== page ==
Author Avatar Web Disasters VI – Manuals

by Webnme2 on Mar 20th 2010

ONLINE PRODUCT MANUALS

We are moving to paperless offices and homes and that means we need reliable product manuals from vendor websites with useful information in a format that we can read, see, and understand.

You Gotta Be Kidding Right?

1. Where’s the manual? No manual? Oh oh.

This has to be the worst sin for a vendor site. If you sell, support it. At least have the manual online.

2. Get Out The Magnifying Glass!!

Who drew this micro-diagram where I can’t tell what’s what? Why is everything labeled “a”, “b”, and “c” without a legend? We probably have all been dumbfounded by do it yourself manuals and “some assembly required” products where the diagram looks more like a hieroglyph than anything remotely useful. Do better. Have step by step instructions. Don’t leave out steps and assume that we will guess what you did next. Use pictures – lots of pictures. We need to see what you are doing. Make them big enough to see and understand.

3. Don’t Oversimplify!!

A two page manual with a page and a half of disclaimers and four lines of text is not a manual. It is a joke. Where’s the beef? Give useful information upfront. If you don’t know how it works well enough to write a manual, well maybe you shouldn’t be selling it.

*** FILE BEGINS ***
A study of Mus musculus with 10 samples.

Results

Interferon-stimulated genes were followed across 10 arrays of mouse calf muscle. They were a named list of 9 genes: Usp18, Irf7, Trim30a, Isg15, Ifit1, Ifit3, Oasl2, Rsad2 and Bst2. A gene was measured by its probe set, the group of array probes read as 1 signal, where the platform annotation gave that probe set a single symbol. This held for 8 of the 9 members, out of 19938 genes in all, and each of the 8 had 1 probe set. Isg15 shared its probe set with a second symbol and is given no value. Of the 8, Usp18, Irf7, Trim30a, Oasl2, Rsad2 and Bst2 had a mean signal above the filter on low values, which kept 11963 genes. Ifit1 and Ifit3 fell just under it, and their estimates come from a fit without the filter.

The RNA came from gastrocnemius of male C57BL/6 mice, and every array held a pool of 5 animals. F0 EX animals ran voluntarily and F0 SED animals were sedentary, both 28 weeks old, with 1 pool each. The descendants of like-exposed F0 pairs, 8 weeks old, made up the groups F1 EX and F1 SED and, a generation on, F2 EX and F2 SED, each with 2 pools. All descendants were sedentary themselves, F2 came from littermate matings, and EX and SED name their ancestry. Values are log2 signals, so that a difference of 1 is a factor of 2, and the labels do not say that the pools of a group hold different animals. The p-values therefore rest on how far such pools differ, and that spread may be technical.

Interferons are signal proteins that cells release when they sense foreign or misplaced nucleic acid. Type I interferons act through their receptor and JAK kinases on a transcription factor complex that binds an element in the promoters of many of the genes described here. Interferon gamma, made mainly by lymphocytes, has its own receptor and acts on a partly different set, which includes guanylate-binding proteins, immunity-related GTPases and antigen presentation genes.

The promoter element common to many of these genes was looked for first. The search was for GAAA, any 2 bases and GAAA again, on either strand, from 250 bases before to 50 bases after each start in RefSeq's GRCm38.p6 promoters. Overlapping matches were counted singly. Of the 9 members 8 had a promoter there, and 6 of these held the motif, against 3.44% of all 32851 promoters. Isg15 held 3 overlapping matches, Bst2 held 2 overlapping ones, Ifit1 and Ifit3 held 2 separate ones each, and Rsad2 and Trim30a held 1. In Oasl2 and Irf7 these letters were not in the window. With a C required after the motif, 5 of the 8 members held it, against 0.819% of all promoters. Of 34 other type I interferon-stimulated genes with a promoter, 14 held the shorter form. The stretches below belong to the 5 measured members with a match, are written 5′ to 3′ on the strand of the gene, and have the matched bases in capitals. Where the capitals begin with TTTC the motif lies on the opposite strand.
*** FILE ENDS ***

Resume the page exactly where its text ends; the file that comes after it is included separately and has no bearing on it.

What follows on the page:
4. PDFs!

Wow isn’t it easy to scan a paper manual into a nice PDF file and just whip that up on the web??? Sure is. But let’s suppose I’m trying to read it from a web browser on a PDA? Not so good. Suppose I’m visually impaired and am using a screen reader program? Useless. Screen readers do not read pictures. And scans of pages are usually done as guess what? Pictures! Doesn’t work. If you are going to do a PDF, do it right so that it is accessible to the visually impaired or make it a total html production that is easier to navigate.

Some sites have a link to a product manual that brings up an image of a page with a link to go to the next. Same deal. Make it accessible and adaptable to more user agents than a computer monitor. Do it right and your customers will thank you . . . or at least won’t pester your help folks as much.

About Webnme2

The author's first experience with computers was with Fortran IV. Wow that's ancient. After graduate school, he taught history for a number of years at a community college before becoming an attorney. In 1997 he changed careers to become a web developer/designer with an interest in all things web related. He currently maintains several dozen websites. This is his personal blog. The opinions expressed are his own.